About the Collaborative
In 2014, collaborators from around the world created the Epi25 Collaborative to exome sequence as many as 25,000 patients with epilepsy. The collaborative has generated 6,242 exomes in 2016, an additional 7,561 exomes in 2017, and has 1,005 ready for sequencing in 2018. The goal is to determine the extent to which rare and common epilepsies share genetic underpinnings and whether genetic risk arises from de novo mutations or from genetic variants.
With approximately 14,000 samples in 2017, Epi25 will be the largest epilepsy exome analysis to date, well-poised to address many of the issues that have challenged previous research projects:
- Sample Size: Epi25 plans to sequence as many as 25,000 exomes over a five-year period. By virtue of the number of exomes produced, the project is very likely to yield important new insights into the heritability of a broad range of epilepsies. If successful, this work will open doors toward future initiatives such as global precision medicine / clinical trial initiatives.
- Technology: Epi25 is partnering with the Broad Institute to run all exomes on the same chip and the same sequencers over a short period of time. No cohort in epilepsy will have such a large number of epilepsy exomes from a single exome platform.
- Clinical Data: Epi25 is gathering high-level clinical data for all participants to certify the epilepsy syndrome and the clinical features of each participant. This clinical data will clarify the phenotypic spectrum associated with gene variants and facilitate clinical translation.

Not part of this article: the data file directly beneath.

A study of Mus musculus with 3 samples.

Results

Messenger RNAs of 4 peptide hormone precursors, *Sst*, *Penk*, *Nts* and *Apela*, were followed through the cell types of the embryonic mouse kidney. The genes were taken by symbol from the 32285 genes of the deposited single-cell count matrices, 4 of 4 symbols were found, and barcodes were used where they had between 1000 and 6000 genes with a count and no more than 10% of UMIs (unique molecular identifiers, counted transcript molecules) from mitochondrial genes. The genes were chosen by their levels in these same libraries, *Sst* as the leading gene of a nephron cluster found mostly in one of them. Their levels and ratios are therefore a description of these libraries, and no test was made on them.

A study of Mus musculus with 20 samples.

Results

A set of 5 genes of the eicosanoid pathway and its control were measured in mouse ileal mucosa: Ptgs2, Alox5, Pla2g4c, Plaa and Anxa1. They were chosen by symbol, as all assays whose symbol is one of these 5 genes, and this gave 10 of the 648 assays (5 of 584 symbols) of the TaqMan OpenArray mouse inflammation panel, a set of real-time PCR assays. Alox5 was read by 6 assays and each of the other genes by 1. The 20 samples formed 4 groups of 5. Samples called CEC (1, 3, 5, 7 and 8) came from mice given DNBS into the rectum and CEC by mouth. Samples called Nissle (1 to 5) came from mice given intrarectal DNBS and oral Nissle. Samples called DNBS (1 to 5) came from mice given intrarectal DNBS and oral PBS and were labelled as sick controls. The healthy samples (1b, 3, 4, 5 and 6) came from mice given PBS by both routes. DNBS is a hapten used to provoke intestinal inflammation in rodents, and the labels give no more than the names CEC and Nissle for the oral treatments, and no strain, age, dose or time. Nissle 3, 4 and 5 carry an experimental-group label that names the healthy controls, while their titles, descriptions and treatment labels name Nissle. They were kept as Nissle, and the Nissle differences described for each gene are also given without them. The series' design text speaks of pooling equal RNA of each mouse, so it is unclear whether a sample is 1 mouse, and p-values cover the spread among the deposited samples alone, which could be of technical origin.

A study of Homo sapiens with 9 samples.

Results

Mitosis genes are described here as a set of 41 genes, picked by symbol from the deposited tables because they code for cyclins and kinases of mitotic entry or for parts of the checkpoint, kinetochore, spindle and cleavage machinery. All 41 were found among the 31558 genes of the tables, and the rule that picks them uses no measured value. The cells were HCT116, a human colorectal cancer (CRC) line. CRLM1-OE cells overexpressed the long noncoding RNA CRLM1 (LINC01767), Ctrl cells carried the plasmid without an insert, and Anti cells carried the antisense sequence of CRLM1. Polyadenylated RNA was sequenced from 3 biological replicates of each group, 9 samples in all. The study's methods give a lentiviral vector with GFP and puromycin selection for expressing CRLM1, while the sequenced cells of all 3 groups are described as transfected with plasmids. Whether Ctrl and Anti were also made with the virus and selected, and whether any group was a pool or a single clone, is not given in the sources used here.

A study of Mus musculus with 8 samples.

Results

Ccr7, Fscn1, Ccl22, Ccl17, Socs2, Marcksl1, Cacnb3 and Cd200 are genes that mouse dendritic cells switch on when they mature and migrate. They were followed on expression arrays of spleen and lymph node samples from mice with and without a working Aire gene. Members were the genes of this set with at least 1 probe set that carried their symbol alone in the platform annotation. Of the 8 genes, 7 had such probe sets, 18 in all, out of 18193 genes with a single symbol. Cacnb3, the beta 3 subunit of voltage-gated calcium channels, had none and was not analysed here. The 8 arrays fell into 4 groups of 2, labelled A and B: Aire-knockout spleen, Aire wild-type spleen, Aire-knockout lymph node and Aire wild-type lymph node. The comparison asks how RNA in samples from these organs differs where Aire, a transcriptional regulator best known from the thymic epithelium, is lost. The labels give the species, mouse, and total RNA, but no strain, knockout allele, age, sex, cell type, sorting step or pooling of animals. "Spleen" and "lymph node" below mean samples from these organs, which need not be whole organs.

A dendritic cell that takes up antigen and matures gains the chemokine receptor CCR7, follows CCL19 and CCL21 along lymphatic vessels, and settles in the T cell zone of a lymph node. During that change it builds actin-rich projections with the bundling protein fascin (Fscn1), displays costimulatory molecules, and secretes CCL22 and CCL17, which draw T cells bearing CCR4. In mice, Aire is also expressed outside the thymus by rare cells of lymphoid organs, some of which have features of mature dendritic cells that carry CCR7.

By developing clinical phenotypic datasets to pair with a massive number of epilepsy exomes, we expect to find evidence that accurate and detailed phenotypic data reduces genetic heterogeneity, allows for identification of a well-matched replication cohort, and clarifies the phenotypic spectrum associated with a gene. This approach will help us address fundamental questions about the importance of rare variants, common variants, or de novo changes as the basis for specific forms of epilepsy.
All exomes slotted in Epi25 have been funded by NHGRI RFA-HG-015-001: Centers for Common Disease Genomics (CCDG) via its partnership with the Broad Institute. The CCDG is working across four sequencing centers to identify the genes and variation causing both common and rare diseases and to create a paradigm for understanding the genetic architecture of other common diseases. The database of phenotypic data will be shared worldwide to address questions about epilepsy syndromes and the functional effects of epilepsy genes, and to form the basis of future trials to develop precision medicine for genetic epilepsies.